City Preps For 2015 Appraisal Fight

A unanimous Council vote to mount a challenge next year

Kathie Tovo
Kathie Tovo (by Jana Birchum)

Acknowledging they'd be hard pressed to meet a June 17 deadline to challenge this year’s commercial appraisal values, City Council members early Friday morning agreed to wage a challenge next year.

The decision came at the end of a lengthy meeting that started Thursday morning and ended at 3:30am Friday.

The Council voted 7-0 to hire an appraiser and other experts to start gathering evidence of undervalued commercial properties to present to the Travis Central Appraisal District when the city files a challenge in 2015.

“We are still moving forward,” Council Member Kathie Tovo said in making the change to her original proposal to file a challenge this year. Travis County Commissioners nixed a similar question last week but made no plans to mount a case next year, opting instead to study the matter.

Tovo said after learning that the city would need to pay $150,000 to $300,000 to present a case for which there was little time to prepare, she agreed a delay would help “lay the groundwork for next year.”

Council Member Laura Morrison credited residents for their work in calling for changes to a state appraisal system that shifts a greater share of the property tax burden onto homeowners. You can’t make real change without the community and the people crying for that change,” she said. “The issue has caught fire.”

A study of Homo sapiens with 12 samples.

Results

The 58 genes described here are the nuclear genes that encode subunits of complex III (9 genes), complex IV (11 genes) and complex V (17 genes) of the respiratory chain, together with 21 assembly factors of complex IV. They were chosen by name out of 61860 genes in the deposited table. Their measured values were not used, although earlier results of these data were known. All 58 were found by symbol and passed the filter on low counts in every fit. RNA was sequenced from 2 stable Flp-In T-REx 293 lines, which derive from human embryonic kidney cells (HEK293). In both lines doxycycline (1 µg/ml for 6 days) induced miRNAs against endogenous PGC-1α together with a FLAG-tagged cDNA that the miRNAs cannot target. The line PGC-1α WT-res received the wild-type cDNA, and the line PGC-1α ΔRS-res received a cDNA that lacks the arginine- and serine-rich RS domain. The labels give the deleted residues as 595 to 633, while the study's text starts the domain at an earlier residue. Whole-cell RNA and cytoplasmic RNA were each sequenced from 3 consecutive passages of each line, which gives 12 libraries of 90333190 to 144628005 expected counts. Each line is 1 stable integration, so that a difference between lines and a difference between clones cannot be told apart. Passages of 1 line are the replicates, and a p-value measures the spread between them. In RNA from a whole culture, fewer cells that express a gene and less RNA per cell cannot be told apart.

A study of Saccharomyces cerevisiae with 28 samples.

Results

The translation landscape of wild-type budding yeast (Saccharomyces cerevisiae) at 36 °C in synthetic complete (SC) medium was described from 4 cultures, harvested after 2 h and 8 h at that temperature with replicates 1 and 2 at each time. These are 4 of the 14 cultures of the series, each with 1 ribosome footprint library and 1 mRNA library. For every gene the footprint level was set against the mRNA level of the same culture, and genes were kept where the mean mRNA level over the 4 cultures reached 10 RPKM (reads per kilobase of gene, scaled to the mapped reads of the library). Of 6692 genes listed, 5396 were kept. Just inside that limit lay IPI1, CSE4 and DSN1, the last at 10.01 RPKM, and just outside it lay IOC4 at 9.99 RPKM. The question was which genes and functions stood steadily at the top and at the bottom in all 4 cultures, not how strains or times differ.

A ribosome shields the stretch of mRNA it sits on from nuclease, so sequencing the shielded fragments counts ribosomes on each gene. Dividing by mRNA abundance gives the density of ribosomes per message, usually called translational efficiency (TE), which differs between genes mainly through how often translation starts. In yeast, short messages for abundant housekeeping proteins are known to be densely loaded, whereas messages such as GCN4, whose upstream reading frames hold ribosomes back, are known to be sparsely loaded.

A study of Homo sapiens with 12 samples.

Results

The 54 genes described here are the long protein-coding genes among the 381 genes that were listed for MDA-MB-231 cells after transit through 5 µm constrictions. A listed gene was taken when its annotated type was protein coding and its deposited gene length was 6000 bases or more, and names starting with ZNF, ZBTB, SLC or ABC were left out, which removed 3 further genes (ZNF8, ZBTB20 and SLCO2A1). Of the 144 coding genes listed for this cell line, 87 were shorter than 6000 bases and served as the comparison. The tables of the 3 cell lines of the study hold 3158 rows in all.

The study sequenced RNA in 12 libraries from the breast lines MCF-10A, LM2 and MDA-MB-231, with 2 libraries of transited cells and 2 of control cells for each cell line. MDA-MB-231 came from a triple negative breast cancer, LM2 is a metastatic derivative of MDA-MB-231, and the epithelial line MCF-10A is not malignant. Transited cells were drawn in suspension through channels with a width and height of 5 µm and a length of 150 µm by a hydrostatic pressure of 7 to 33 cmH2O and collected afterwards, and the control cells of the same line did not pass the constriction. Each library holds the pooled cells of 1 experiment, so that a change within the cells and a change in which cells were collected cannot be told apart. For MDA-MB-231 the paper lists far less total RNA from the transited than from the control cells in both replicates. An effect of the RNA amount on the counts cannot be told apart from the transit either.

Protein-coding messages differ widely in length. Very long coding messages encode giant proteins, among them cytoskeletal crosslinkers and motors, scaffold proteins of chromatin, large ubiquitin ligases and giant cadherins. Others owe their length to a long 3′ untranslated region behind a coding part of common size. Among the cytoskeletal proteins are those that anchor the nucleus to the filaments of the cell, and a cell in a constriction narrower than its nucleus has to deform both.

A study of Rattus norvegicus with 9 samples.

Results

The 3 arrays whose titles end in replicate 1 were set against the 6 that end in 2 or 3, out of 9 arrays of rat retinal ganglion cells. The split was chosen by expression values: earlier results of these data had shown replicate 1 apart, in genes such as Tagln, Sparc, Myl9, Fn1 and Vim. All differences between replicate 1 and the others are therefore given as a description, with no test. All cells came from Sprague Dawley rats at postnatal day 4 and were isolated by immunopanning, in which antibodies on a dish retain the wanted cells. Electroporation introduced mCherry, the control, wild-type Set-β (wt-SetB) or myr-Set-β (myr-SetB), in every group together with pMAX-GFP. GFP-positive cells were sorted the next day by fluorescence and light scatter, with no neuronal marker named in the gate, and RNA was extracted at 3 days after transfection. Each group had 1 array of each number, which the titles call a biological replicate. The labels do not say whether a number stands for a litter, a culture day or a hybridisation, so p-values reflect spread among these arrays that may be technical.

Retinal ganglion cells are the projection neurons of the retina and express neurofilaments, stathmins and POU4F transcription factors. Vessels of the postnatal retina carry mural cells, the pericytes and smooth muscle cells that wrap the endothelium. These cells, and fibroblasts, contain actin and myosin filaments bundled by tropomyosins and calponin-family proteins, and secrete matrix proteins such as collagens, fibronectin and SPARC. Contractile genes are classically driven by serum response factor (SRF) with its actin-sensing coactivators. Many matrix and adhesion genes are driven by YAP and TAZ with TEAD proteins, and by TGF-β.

Council also voted 7-0 to designate property tax law reform a priority on the city’s 2015 Legislative agenda.

But the Council wasn’t unanimous on a third related resolution from Tovo – to establish policy that would require companies seeking tax incentives from the city not to protest their property appraisals. That one passed on a 5-2 vote, with Mayor Lee Leffingwell and Council Member Bill Spelman dissenting.

Leffingwell said such a requirement would hurt the city’s economic development efforts, and Spelman said that as someone who has protested his own property assessment, he didn’t want to deny someone else the same opportunity. Clerical errors and other mistakes can and do happen in the appraisal process, he said.

Proposed language for the tax incentive policy will be presented to Council in late August.